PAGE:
Thomas Szasz

Dr Thomas Stephen Szasz photographed by during his 90th birthday seminar in London.

Thomas Szasz (1920-2012) was a Hungarian psychiatrist and author of many books, including his best known work, The Myth of Mental Illness (1961).

Almost a decade before collaborating with The Church of Scientology, Szasz argued that the science behind psychiatry is essentially scientism. For Szasz, the term mental illness points to a social myth rather than an absolute fact. To borrow from the lingo of postmodernism, he believes that the idea of mental illness is a historically relative discourse, located in networks of power/knowledge.¹

Written before Henri Ellenberger’s landmark publication, The Discovery of the Unconscious (1970), and around the same time as Michel Foucault‘s poststructural work, Histoire de la folie à l’âge classique (1961), Szasz’s The Myth of Mental Illness is often required reading for undergraduate courses in the Humanities at liberal-democratic universities.

Critics of Szasz’s perspective question his knowledge of genetics and neuroscience. And they point out that psychiatry, like any other science, is in a constant state of development. Depending on factors like the patient’s condition, the competency of the psychiatrist and the socio-political climate in which assessments are made, psychiatry may be used for good or ill. So it makes little sense to demonize it as a whole.

However, Szasz was prolific right up to his death. His later publications contain some sociological and philosophical insights but arguably reveal the unrealistically polarized views of a somewhat isolated but well-meaning humanitarian (e.g Schizophrenia: The Sacred Symbol of Psychiatry, 1988; Psychiatry: The Science of Lies, 2008).

Again, most recognized psychiatric associations have rejected his ideas, a situation not entirely unlike an orthodox Church marginalizing so-called heresies. This polarization of anti-psychiatry vs. psychiatry is unfortunate because it probably makes all involved parties more intransigent, lessening their ability to see other perspectives.

Anti-Psychiatry Demonstration in Washington, D.C. “It’s not just Scientologists that don’t like Psychiatry and the big-pharma connection. Thousands joined my wife and I and people from all up and down the east coast for a big anti-psychiatry demonstration in D.C.” – Image and text by Jettero Heller via Flickr

When someone or a tight group is convinced they’re absolutely right and outsiders are entirely wrong, constructive dialogue usually disappears. And when dialog disappears among the whole spectrum of human inquiry, not only psychiatry suffers, but also its clients.

Taking a more moderate approach than Szasz, I would agree that psychiatry may fall short in the interpretation of behavioral and physiological differences. At some point, difference is often construed as a disorder, and the “appropriate” diagnostic labels are applied to patients.² Many patients believe in this perspective and see themselves as medically “ill.”

However, in some cases we may be witnessing variation instead of disorder. And in some instances differences could be preliminary trials, as it were, for key evolutionary changes to our species.³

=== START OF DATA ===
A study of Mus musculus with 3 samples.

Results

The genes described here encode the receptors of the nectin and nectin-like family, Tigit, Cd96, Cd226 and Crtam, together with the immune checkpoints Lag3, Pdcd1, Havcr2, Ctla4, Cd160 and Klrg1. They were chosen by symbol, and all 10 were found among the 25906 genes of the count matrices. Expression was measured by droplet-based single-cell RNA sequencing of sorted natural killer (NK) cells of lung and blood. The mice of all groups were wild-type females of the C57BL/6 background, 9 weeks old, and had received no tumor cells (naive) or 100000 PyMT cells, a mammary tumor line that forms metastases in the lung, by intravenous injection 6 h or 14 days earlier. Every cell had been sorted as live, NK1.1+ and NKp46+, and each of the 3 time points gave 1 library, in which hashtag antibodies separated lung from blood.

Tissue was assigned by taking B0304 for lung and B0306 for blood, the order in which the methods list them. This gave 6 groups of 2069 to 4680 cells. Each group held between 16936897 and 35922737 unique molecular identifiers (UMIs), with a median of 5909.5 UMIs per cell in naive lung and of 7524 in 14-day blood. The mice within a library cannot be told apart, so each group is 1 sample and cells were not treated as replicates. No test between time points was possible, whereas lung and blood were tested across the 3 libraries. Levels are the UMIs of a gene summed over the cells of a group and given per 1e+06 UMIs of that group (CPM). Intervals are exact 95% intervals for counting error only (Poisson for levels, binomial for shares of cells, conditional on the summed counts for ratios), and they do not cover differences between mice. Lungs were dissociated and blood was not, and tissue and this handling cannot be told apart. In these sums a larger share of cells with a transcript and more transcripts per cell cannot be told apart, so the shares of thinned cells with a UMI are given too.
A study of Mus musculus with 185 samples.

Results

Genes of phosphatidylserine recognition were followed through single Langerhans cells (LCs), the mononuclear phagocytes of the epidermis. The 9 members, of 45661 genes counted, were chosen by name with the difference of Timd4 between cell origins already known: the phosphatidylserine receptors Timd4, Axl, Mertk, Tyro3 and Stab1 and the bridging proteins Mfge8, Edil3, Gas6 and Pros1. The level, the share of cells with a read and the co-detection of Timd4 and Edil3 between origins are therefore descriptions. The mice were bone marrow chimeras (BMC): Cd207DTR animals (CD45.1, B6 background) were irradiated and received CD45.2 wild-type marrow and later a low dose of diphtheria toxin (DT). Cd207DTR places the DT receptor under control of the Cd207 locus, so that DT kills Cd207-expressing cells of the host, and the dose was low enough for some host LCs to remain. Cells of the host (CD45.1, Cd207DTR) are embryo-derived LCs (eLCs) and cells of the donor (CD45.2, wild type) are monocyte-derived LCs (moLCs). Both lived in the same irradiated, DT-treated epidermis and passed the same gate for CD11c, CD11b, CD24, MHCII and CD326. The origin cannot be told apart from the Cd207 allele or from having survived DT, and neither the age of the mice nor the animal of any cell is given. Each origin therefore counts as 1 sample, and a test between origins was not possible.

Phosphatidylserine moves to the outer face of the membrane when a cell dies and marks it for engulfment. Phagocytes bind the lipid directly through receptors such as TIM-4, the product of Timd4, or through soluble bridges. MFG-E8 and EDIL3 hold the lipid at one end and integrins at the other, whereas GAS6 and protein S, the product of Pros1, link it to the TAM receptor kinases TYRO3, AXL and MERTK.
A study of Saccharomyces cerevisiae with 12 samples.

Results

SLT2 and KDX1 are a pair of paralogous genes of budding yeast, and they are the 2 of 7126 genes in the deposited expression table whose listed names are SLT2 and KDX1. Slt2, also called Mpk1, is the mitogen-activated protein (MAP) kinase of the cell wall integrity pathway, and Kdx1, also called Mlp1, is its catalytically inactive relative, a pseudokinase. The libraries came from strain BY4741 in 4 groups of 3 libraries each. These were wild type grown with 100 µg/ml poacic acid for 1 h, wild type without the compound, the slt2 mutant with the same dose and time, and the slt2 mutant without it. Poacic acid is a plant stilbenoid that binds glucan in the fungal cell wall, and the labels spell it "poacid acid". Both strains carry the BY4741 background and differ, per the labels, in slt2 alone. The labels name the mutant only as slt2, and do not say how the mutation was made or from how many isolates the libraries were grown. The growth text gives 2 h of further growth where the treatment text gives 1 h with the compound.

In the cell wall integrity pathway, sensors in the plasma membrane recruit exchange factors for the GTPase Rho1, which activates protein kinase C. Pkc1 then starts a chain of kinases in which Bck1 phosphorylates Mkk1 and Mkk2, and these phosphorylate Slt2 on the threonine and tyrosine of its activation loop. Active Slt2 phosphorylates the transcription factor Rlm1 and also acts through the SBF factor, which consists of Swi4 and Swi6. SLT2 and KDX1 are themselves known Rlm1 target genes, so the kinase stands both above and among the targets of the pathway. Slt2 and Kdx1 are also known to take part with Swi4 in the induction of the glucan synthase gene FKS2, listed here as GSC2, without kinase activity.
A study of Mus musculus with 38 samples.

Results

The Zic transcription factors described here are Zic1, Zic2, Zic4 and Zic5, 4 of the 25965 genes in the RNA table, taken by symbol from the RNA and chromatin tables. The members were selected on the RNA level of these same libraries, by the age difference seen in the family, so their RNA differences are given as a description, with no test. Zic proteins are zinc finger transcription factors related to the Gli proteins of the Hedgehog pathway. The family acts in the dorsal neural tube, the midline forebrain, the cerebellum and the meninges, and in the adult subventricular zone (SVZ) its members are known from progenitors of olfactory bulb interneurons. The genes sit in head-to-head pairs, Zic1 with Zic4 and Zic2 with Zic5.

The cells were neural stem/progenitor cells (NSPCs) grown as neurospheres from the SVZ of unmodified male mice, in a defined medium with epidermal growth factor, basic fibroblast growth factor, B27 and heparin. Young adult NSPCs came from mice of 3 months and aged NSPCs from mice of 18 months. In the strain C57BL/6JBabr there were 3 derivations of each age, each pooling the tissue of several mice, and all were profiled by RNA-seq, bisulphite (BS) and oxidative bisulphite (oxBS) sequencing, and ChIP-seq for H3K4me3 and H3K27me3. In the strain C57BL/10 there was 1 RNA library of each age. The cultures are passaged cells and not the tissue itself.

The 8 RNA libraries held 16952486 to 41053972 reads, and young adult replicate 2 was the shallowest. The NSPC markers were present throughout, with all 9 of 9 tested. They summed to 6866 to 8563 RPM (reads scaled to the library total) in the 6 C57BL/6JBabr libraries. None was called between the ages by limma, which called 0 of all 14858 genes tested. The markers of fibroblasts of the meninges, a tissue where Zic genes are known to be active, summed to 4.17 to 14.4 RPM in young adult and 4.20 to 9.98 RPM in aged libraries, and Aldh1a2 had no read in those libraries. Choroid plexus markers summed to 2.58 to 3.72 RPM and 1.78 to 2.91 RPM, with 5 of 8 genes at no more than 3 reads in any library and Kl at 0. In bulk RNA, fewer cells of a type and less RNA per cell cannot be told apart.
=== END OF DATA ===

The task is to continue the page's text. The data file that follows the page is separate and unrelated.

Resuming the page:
Unfortunately, the evolutionary idea is hard to prove because we might have to wait a thousand years before finding out if there’s anything to it. But if true or even partially true, I think this expanded perspective could dramatically change how some psychiatric patients see themselves, possibly making them happier.

So to return to Szasz, I don’t see him as totally wrong. He has been roundly critiqued on a point-by-point basis by psychiatrists. But his overall objection deserves some attention. Otherwise, psychiatry becomes a new religion, which isn’t science at all, but as Szasz and many others put it, scientism.

¹ See Michel Foucault, discourse and counter-discourse for more.

² To continue in a postmodern vein, the word “appropriate” is often uncritically used to reinforce current attitudes, beliefs and practices.

³ Along these lines, spiritual and parapsychological factors are often dismissed. We rarely hear about the possibilities of healing grace, demonic influence, the transfer of sin or bona fide mind-reading in psychiatry.

Related Posts » DSM-IV-TR, Madness, Postmodernism, Unconscious




  1. “This polarization of anti-psychiatry vs. psychiatry is unfortunate because it probably makes all involved parties more intransigent, lessening their ability to see other perspectives.”

    I think this is what has happened over the centuries between science and the spiritual realm. The mutual prejudiced creates huge blind spots that diminish our species odds of survival.

    Very insightful post. Thank you.



  2. I agree with idea that difference is of evolutionary importance, because it takes different kinds of intelligences and forms of self expression to motivate collective creativity. We all have our unique contribution to make. Variety strenthens the whole and I believe that this is as true genetically as it is sociologically. There is a formidable amount of evidence to support this. Any great example of evolutionary success is enevitably accompanied by the cultivation of adaptation and resiliance through diversity.


  3. Hey guys, thanks both for your comments. The way I look at it is something like this: Imagine a society of highly intuitive people who don’t need to talk too much because they’re busy reading each others’ minds. Those who don’t have this ability might be the abnormals. Today, we have the reverse. But in the distant future, who knows. The balance might shift.